Reducing agriculture’s carbon footprint

23 July 2020 | Muriel Cozier

Syngenta’s Good Growth Plan has climate change and biodiversity at its core.

Syngenta Group has launched its new Good Growth Plan, with the focus on tackling climate change and the loss of biodiversity to help the agricultural sector recover from the economic and social impact of the Covid-19 restrictions.

Syngenta said that its plan included ‘bold new commitments to reduce agriculture’s carbon footprint and help farmers’ deal with the extreme weather patterns caused by climate change.’

‘The coronavirus pandemic has revealed the fragility of the agriculture ecosystem…As the economy and agriculture begin to build back with the gradual easing of the Covid-19 restrictions, we need to support a recovery for farmers that puts the fight against climate change and biodiversity loss at its core,’ said Erik Fyrwald, Chief Executive Officer at the Syngenta Group.

Under the new Good Growth Plan, Syngenta Group is committed to investing $2 billion in sustainable agriculture by 2025 and to deliver new technological breakthroughs to market each year.  The specific commitments in the new plans are divided into four areas: Accelerate innovation for farmers and nature, strive for carbon neutral agriculture, helping people stay safe and healthy and partnering for impact. The company is also committed to reducing the carbon intensity of its operations by 50% by 2030, supporting the goals of the Paris Agreement on climate change.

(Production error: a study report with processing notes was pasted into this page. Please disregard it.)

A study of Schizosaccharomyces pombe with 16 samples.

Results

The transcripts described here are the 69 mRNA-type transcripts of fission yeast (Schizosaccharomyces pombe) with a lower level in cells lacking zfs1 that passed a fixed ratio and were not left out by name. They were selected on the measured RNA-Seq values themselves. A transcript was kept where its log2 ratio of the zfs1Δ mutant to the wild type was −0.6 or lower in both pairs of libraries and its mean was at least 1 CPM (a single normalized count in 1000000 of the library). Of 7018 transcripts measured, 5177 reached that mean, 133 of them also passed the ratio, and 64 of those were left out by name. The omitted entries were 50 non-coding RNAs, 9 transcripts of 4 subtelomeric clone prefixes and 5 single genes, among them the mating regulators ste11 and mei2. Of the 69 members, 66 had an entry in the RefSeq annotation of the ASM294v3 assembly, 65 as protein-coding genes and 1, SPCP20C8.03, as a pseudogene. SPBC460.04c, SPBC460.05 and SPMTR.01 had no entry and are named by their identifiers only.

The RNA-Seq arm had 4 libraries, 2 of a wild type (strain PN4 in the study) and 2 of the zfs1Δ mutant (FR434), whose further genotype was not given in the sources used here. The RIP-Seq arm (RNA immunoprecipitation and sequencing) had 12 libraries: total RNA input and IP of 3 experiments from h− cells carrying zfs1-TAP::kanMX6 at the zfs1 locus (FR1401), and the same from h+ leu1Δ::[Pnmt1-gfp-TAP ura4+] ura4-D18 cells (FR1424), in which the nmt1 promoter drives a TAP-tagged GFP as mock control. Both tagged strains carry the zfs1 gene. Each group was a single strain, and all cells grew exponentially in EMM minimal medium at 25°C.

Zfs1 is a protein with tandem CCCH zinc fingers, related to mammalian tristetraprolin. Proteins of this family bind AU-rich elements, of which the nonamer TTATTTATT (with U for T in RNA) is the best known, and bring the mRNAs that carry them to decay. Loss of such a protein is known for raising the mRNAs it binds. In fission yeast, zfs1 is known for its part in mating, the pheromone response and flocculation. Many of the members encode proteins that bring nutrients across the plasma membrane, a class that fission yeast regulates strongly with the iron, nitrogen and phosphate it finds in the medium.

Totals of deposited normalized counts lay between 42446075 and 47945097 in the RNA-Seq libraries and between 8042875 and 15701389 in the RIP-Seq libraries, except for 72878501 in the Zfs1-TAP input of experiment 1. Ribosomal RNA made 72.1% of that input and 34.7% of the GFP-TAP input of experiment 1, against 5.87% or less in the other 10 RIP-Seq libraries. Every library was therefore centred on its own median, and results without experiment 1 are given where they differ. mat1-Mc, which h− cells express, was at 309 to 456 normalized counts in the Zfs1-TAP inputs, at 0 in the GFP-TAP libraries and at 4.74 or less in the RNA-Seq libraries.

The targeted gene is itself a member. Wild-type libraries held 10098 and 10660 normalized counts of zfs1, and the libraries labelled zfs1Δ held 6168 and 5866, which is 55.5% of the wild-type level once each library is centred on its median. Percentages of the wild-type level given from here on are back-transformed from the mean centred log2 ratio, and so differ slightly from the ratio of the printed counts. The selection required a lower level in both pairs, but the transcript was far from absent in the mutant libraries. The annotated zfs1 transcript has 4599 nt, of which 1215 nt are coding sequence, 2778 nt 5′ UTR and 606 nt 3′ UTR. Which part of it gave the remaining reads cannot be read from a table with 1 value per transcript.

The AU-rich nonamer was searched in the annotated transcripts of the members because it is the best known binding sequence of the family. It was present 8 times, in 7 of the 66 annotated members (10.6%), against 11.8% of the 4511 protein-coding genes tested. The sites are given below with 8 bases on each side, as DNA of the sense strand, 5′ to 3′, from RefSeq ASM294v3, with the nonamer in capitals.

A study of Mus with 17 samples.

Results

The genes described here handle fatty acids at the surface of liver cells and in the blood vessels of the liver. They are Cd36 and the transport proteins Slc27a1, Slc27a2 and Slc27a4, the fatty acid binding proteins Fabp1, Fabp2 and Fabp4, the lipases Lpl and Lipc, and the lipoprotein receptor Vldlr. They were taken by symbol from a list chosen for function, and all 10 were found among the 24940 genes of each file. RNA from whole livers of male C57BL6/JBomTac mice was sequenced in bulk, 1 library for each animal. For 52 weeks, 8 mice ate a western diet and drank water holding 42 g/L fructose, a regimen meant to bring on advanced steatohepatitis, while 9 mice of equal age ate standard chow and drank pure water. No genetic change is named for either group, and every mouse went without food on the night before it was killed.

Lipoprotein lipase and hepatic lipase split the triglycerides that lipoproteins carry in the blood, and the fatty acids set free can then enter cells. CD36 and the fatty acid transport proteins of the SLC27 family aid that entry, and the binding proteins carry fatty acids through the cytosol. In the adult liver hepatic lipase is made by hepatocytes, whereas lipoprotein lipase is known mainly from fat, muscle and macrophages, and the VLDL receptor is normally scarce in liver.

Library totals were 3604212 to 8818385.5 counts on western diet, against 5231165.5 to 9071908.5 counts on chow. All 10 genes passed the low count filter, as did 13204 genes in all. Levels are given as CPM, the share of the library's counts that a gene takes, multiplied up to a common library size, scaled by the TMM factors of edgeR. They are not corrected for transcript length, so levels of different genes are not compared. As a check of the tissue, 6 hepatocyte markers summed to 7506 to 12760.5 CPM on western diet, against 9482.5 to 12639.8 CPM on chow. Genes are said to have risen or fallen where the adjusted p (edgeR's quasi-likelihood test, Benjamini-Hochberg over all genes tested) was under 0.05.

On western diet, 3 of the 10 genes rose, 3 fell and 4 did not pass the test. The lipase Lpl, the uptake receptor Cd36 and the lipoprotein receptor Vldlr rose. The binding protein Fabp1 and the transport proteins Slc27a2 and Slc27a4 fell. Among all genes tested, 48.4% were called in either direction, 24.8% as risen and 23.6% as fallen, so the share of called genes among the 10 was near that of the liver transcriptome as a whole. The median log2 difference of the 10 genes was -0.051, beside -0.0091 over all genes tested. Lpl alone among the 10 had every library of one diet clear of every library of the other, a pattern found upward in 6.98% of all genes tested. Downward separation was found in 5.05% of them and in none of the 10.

Highlighting its global focus Syngenta is partnering with the Solidaridad Network which is focused on implementing sustainable solutions at scale which will allow farming communities to achieve food security across a number of developing regions. One such project is focused on coffee growers in Columbia, which aims to help small holders increase their incomes by 25% by tackling the coffee borer beetle.

Syngenta’s Good Growth Plan, launched during 2013, has achieved or exceeded all targets, including bringing more than 14 million hectares of farmland back from the brink of degradation and enhancing biodiversity on more than eight million hectares of farmland.